But did you know that there are some works by these same artists in the Museum’s permanent collection?
For instance, you will find John Hoppner’s (English, 1758-1810) lovely portrait of 5-year old Jane Emma Orde in Gallery #7 (left).
We also have two portraits by George Romney (English, 1734-1802), below–one of beautiful Grace Ashburner, below, and another of a man recently identified as John Parker (a story for another blog post!)–that are currently in storage.
In addition, we have a wonderful painting, below, by Edwin Landseer (English, 1802-1873) in Gallery #7. Portrait of a Terrier, The Property of Owen Williams, ESQ., M.P. (Jocko with a Hedgehog) clearly shows why Landseer was known for his animal paintings, especially dogs. And keep an eye out for a portrait by Anthony Van Dyck and his studio, which is currently in storage but may make an appearance in the galleries in 2013!
Rembrandt, Van Dyck, Gainsborough was also a great opportunity to bring out a selection of works on paper in our collection. These pieces are only displayed for a limited amount of time because of their sensitivity to light—they will fade—so they are usually kept in storage. It includes works by artists included in the exhibition and pieces by other artists that are related to themes in the show. You’ll find the display on the Mezzanine Level of the Museum.
For instance, we have a landscape drawing by Thomas Gainsborough (English, 1727-1788) to compare to the painting Going to Market in the exhibition. Most likely from the last decade of Gainsborough’s career, Landscape with Cattle is an energetic ink drawing of a herdsman and his two cows in the hilly countryside. The work reflects the pastoral tradition, but Gainsborough may also have been criticizing the enclosure movement, when common land was fenced for the private use of one (usually wealthy) owner, leaving the country economy broken.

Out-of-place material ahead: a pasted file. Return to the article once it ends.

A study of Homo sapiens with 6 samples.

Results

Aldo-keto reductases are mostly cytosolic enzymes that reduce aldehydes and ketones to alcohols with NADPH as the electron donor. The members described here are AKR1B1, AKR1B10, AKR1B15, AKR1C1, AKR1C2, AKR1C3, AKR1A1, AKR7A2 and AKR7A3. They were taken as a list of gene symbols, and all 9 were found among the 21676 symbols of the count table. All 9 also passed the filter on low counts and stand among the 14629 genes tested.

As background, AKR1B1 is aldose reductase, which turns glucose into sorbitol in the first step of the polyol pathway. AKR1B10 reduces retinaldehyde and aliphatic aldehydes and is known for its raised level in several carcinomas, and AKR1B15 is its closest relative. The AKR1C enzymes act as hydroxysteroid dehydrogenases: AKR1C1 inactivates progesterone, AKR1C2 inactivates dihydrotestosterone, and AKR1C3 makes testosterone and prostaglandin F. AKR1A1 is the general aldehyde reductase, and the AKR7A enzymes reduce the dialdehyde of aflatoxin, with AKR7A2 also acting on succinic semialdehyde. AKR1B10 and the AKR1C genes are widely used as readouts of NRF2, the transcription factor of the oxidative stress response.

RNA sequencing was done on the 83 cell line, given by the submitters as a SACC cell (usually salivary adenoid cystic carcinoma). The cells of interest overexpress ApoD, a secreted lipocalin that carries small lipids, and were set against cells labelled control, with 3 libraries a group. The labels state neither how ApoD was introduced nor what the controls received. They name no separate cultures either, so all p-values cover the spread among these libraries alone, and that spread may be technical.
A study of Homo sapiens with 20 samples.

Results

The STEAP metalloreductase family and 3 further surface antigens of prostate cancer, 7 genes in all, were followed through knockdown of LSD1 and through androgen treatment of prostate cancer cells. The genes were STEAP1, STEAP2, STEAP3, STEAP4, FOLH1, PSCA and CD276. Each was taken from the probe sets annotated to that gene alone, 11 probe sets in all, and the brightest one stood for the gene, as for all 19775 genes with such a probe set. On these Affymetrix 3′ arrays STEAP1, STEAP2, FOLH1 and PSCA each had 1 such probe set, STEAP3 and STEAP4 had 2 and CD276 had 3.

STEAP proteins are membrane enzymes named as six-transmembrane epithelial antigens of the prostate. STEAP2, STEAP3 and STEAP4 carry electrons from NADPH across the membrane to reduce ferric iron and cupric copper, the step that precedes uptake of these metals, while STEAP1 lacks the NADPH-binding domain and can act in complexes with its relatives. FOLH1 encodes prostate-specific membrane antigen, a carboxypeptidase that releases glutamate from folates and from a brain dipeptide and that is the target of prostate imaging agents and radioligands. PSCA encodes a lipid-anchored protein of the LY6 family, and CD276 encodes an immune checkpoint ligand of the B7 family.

Gainsborough sometimes said that while portraiture was his profession, landscape painting was his pleasure. There was money to be made in portraits, whereas his landscapes rarely sold.
According to legend, as a boy, Gainsborough skipped school to sketch in the countryside. In his early career as an artist, his studied the styles and techniques of Old Masters Jacob van Ruisdael, the consummate Dutch Golden Age landscape painter; Peter Paul Rubens, who produced elegant Flemish compositions; and Claude Lorrain, the French “painter of light.”
Although Gainsborough sketched outdoors, he worked mostly in his studio. He was more interested in making an appealing composition and setting a mood than in representing a recognizable location. Sir Joshua Reynolds wrote that Gainsborough would put together “a kind of model of lanskips…composed of broken stones, dried herbs, and pieces of looking glass”; he is said to have used broccoli for vegetation and coal for rocks, illuminating the scene with candles to create shadows.
A print by Rembrandt (Dutch, 1606-1669) is also part of the display. Just as the painted self-portrait in the exhibition is a powerful image, so is Jan Lutma, Goldsmith. Jan Lutma (ca. 1584-1669) was a famous gold- and silversmith. Lutma is shown calm and assured at the end of his career, surrounded by objects of his trade. He holds a candlestick, which he made, and on the table are tools such as a hammer and a container of punches.
Through using a variety of line strengths and directions, Rembrandt is able to apply the same warm glow with his etchings as his does with his paintings. The light from the window against the wall behind the chair creates depth, while also highlighting the figure’s face and hands, to put focus on the portrait. In earlier states, the wall behind him is a blank wall, which tells us that the window was added in later.
Other artists featured in the display on the Mezzanine are Joseph Mallard William Turner (English, 1775-1851), Edwin Landseer, and Canaletto (Italian, 1697-1768). And, I’m very excited that a selection of British portrait miniatures featured in the 2010 exhibition Intimate Images of Love and Loss have been brought out, too, including the fantastic Woman in a Hat by George Engleheart (English, 1750–1829), which I featured in my first blog post.
I hope that you’ll take the time to check out the Mezzanine display and enjoy some of the treasures of our Collection!